High levels of market activity despite regional tensions and rising uncertainty relating to the war in Ukraine, an ever-more inclusive financial regulatory framework, and a blossoming energy sector are the hot topics in Latvia, according to TGS Baltic Partner Inese Hazenfusa.
“The relationship our country has with Russia and Belarus, or lack thereof, affects business activities on a daily basis,” Hazenfusa begins. “Clients require guidance from us at all times – the sanctions have created a situation where all must be ever vigilant and on the lookout for potentially crossing a red line.” Hazenfusa stresses that all businesses must be on alert for all transactions, “if any of the counterparties, or parties related to them, are already sanctioned or in a position to be sanctioned – this would lead to the deal not only falling through, but also being subject to criminal offenses.”
Still, such an approach is not foreign for businesses operating in the Baltic country. “Latvia has, in the past, had a very stringent framework for AML requirements – these have been loosened somewhat as of late and are more risk-based than they were before,” Hazenfusa continues. “We are familiar with KYC and, thus, compliance with sanctions is not a novelty for us.”
Moreover, Hazenfusa reports that “the capital market is still quite active when it comes to transactions in Latvia. The start of the war has halted this somewhat, but – with businesses getting accustomed to the new reality – things are getting back on track, and there is a relatively high number of bond issuances and IPOs on the market or in the pipeline,” she reports. According to her, Latvia historically has had a rather “quiet capital markets situation in comparison to its neighbors.”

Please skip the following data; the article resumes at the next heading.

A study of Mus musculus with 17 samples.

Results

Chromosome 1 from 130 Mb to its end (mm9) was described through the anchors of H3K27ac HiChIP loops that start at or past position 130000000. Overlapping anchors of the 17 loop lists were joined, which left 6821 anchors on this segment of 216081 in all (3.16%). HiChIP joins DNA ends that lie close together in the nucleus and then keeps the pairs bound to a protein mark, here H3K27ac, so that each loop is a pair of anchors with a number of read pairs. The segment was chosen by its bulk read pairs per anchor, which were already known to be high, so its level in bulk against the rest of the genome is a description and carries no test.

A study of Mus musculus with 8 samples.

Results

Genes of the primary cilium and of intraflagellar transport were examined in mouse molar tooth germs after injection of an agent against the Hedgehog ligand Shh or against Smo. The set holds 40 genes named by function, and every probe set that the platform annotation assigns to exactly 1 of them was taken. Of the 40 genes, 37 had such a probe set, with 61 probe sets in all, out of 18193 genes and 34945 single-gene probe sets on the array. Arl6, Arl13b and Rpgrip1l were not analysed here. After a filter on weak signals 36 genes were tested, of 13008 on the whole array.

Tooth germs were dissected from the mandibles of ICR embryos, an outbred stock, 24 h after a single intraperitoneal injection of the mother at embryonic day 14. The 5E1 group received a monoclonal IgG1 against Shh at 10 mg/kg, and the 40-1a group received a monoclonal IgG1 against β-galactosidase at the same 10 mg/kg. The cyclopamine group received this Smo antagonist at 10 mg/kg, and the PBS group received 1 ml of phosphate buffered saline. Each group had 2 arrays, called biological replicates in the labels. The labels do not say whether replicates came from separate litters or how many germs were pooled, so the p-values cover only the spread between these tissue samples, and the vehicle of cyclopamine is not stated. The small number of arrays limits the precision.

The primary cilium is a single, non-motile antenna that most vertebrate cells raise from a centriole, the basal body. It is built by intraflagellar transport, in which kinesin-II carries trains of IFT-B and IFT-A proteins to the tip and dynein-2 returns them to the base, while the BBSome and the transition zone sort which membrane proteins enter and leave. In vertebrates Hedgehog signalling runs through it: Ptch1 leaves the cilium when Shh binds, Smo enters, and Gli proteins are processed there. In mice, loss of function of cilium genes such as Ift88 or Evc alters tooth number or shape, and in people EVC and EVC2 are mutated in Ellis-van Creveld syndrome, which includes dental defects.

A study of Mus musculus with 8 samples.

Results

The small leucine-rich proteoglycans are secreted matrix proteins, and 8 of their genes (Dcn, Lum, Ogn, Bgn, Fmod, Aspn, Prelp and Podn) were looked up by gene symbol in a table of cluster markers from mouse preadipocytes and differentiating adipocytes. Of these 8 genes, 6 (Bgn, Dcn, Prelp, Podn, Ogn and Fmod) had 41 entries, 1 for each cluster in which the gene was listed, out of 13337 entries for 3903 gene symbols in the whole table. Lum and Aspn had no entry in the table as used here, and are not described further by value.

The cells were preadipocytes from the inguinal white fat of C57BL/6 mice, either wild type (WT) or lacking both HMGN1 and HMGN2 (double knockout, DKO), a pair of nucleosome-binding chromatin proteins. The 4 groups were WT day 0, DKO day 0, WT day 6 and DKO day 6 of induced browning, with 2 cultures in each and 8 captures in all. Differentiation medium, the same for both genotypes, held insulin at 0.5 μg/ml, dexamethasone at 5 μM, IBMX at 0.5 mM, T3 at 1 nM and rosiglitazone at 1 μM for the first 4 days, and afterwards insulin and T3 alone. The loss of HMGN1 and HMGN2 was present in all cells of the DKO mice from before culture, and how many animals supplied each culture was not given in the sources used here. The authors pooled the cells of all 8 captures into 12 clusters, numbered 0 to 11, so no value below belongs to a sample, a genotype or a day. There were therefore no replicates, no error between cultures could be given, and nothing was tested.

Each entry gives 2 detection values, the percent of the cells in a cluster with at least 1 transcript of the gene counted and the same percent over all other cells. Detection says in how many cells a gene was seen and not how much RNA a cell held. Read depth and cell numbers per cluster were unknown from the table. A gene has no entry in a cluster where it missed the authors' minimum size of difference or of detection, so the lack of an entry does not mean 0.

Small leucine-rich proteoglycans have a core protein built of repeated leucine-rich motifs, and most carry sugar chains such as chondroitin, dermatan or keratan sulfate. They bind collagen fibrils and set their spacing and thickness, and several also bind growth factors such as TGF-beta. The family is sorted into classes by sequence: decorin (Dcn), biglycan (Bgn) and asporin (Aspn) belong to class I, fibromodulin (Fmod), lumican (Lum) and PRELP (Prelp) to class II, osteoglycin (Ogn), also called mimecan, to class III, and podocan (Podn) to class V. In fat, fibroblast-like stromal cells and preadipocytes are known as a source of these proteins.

From a regulatory point of view, Hazenfusa stresses that the Financial and Capital Markets Commission of Latvia has had “a good showing. This body used to be quite conservative and not as fond of innovative financial services, like fintech, for example. However, it has slowly been opening itself up more and reaching out to new players in the Latvian market,” she explains. “It is a big change in regulatory approach, and I hope that this trend will continue.”
Hazenfusa further reports that there is increased investor interest in the Latvian market as a consequence of “both our regulatory framework as well as the preparedness of the market to develop innovative services and products.” However, there are still instances where more needs to be done. “The country still has no concrete cryptocurrency framework introduced, on account of still waiting for the EU-wide regulation to be adopted. Businesses are waiting for this to happen, and there is a lot of investor interest, but crypto also comes with an entire set of AML concerns, and a clear and consistent regulatory framework is an absolute must,” she explains.
Finally, Hazenfusa reports that the energy sector is going strong. “More and more solar and wind projects are coming to fruition, and investor interest exists across the board and in various jurisdictions,” she reports. “This level of activity relates directly to the ESG framework, which has been increasingly taking shape lately. Now, more than ever before, businesses are getting a clearer picture of ESG procedures and related compliance and know both how to behave and what to expect,” Hazenfusa stresses. “It is still a process, but the status quo represents a very solid start,” she concludes.